The North Face Slipstream



I've used a Slipstream from North Face for several…

Rating: rated 5 of 5 stars
Design: rucksack
Size: 2800 - 4000 cu in
Number of Pockets: 0
Max. Load Carried: 40 lbs
Height of Owner: 5'10"

I've used a Slipstream from North Face for several years. I've had it for long enough that it doesn't have a "carbon x" frame, but a simple aluminum stay with stiff foam for a frame that does very well. It's the most comfortable pack I've ever had. I've used it for several week long backpacks, carrying up to 40 pounds as comfortably as is possible.


Despite having a sorty ugly '80s color scheme, this…

Rating: rated 5 of 5 stars
Design: Top Loading
Size: 3000 (50 L)
Number of Pockets: 2
Max. Load Carried: 35
Height of Owner: 5'7"
Price Paid: $50 (used)

Despite having a sorty ugly '80s color scheme, this is my favorite pack. I use it for backpacking, ice climbing, and cragging. It is very light (3.5 lbs) and carries up to about 35 lbs comfortably. The carbon fiber x frame does a nice job of transferring the load to the hips. The pack body is designed for alpine climbing, so it has an extension sleeve to use the pack as a emergency bivy sleeve. I've never used this feature and have found the extra fabric to get in the way alot when loading or unloading the pack. I suppose you could cut it off, but I just can't do it. The yellow inside does make finding stuff in the pack alot easier. The tool tubes are very nice for carrying and deploying ice tools without removing the pack from your back. A big plus on steepening terrain. There are lots of places to strap on a pad or poles on the sides of the pack or lid. Overall, a great pack. I think TNF replaced it with the Prophet series, but I noticed that they do not have tools tubes. Otherwise, they look the same.


I bought the Slipstream mostly for overnights and…

Rating: rated 5 of 5 stars
Design: rucksack
Size: 2800-4600 reg
Number of Pockets: main plus lid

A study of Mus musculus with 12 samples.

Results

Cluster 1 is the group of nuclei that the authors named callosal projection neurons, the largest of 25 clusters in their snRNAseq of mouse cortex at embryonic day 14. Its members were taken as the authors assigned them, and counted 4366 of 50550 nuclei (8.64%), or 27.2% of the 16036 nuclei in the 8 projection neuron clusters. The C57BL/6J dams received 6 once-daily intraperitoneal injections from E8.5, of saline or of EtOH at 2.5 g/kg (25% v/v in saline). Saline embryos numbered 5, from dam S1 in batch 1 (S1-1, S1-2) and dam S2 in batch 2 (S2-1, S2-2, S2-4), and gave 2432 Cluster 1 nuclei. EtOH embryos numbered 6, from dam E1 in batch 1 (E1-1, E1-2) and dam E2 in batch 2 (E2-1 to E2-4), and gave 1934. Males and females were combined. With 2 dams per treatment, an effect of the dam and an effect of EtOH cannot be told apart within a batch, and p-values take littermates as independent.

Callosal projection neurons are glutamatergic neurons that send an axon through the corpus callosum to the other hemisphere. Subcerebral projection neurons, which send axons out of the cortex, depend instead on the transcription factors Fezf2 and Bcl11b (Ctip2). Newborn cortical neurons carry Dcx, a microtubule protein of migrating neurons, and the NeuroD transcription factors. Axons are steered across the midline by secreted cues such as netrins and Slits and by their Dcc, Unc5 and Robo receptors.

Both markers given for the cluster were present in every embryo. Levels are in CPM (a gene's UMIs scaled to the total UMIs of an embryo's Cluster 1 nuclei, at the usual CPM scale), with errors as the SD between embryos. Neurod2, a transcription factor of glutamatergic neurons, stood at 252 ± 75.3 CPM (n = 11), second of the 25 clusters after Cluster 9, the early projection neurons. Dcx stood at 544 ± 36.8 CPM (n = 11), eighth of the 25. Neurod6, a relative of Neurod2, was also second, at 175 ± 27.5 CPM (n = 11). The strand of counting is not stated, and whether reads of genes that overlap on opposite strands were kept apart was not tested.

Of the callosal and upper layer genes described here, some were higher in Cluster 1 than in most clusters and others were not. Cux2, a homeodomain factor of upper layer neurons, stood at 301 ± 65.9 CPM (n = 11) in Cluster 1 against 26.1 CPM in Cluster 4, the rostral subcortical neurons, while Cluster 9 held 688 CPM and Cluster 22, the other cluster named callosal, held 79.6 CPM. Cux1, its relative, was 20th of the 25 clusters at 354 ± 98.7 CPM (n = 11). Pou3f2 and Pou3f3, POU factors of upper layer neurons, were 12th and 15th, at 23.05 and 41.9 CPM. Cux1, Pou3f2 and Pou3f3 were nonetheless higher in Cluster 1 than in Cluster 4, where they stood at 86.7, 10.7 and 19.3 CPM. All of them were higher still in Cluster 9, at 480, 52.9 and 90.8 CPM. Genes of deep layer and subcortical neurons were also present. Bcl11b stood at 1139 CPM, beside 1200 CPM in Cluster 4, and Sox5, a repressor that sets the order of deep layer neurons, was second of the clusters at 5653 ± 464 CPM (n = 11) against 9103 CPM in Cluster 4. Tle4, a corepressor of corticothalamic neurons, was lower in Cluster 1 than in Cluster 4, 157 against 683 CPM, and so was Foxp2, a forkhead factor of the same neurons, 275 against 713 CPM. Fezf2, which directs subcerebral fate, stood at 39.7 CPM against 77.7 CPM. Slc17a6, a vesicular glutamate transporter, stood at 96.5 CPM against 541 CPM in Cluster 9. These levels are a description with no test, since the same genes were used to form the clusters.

Max. Load Carried: 35+
Height of Owner: 6'
Price Paid: $110-got a deal

I bought the Slipstream mostly for overnights and climbing trips and found it in Campmor for an incredible price. I used this past weekend on a trip in the Daks and it was great, although I do not believe it was designed to carry and function as an overnight backpack. The main compartment is sizable and with the extendable top sleeve it is cavernous.

We experienced some rain and I had not used any waterproofing on it. It got soaked and did not dry with the humidity. The extendable top lid is excellent although when fully loaded and the pack is carring only minimal gear the lid falls forward and exposes the top. It has an abundance of compression straps on each side (3) which are suited to have poles, pads, skis using the tail guides attached and even a Sierra Design Stretch Dome strapped on. I have yet to use the tool tubes and crampon patch with bungee cord although the bungee thing worked well for my wet raingear.

I have two complaints though. While the canted bottom and "tulip" shape are good climbing features, they make the pack top heavy. The suspension also leaves a little to be desired, perhaps it is due to the fact that I was forced to buy the regular size. Because it is not made to carry heavy loads, the shoulder pads and waist belt, although quilted, are skimpy at best and left my waist and shoulders sore. The lumbar pad, however small and thin, was great. I have used other daypacks with this weight w/o padding there and I have experienced soreness. I cannot wait to see how well this pack performs on day ice trips and longer rock routes. I would recommend this pack highly although the regular price is steep at $235.


This is a great pack for climbing daytrips, as it…

Rating: rated 5 of 5 stars
Design: Internal frame (minimal)
Size: 3000?
Number of Pockets: 1 plus top
Max. Load Carried: 65 (mistake)
Height of Owner: 6'
Price Paid: $250

This is a great pack for climbing daytrips, as it is just the right size for a rope, rack, extra clothes, and a few other things. It works best with loads up to 30-35 pounds, but any more and the fairly small suspension begins to cut off circulation. This pack is a great all-around bag for climbing, skiing, or just about any other daytrip/weekend activity.


The Slipstream is a good pack for overnighters or…

Rating: rated 4 of 5 stars
Design: internal frame
Size: Reg. 2800-4600 Lg. 3000-4800
Number of Pockets: 1 plus main compartment
Max. Load Carried: 30 lbs
Height of Owner: 5' 10"
Price Paid: $219

The Slipstream is a good pack for overnighters or a light three day trip. It's also a good pack for long dayhikes or summit attemps. It's a pretty comfortable with a heavier load (30 lbs) and real comfortable with a lighter load. The 2 ice axe tubes are nice for the larger ice axes as well as the waterfall ice axes. These tubes allow me to get my ice axe without taking off the pack by reaching behind the pack and releasing the buckle. The top comes off very easily and can be used for a fanny pack.



The Slipstream has been discontinued.

reviewers paid:
$50.00 - $250.00

The North Face Slipstream is not available from the stores we monitor.